Tier: 3

Bare-metal target for any cpu in the ARMv5TE architecture family, supporting ARM/Thumb code interworking (aka a32/t32), with a32 code as the default code generation.

The thumbv5te-none-eabi target is the same as this one, but the instruction set defaults to t32.

Target Maintainers


The target is cross-compiled, and uses static linking.

By default, the lld linker included with Rust will be used.

However, you may want to use the arm-none-eabi-ld linker instead. This can be obtained for Windows/Mac/Linux from the ARM Developer Website, or possibly from your OS's package manager. To use it, add the following to your .cargo/config.toml:

linker = "arm-none-eabi-ld"

This target doesn't provide a linker script, you'll need to bring your own according to the specific device you want to target. Pass -Clink-arg=-Tyour_script.ld as a rustc argument to make the linker use your_script.ld during linking.

Building Rust Programs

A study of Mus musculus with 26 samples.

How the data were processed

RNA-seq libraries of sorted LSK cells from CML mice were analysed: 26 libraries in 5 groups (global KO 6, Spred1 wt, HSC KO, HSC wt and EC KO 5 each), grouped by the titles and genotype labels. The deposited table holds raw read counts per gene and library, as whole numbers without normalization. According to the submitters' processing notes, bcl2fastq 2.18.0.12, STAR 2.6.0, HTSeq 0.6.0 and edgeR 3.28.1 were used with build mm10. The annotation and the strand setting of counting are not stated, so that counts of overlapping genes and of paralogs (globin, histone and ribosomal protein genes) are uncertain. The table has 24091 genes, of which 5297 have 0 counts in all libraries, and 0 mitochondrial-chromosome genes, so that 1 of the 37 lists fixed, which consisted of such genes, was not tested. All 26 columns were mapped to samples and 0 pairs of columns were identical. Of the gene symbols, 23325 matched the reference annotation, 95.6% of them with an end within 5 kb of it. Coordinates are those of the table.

Because it is Tier 3, rust does not yet ship pre-compiled artifacts for this target.

Just use the build-std nightly cargo feature to build the core library. You can pass this as a command line argument to cargo, or your .cargo/config.toml file might include the following lines:

build-std = ["core"]

Most of core should work as expected, with the following notes:

  • the target is "soft float", so f32 and f64 operations are emulated in software.
  • integer division is also emulated in software.
  • the target is old enough that it doesn't have atomic instructions.

alloc is also supported, as long as you provide your own global allocator.

Rust programs are output as ELF files.


This is a cross-compiled target that you will need to emulate during testing.

Because this is a device-agnostic target, and the exact emulator that you'll need depends on the specific device you want to run your code on.

For example, when programming for the DS, you can use one of the several available DS emulators, such as melonDS.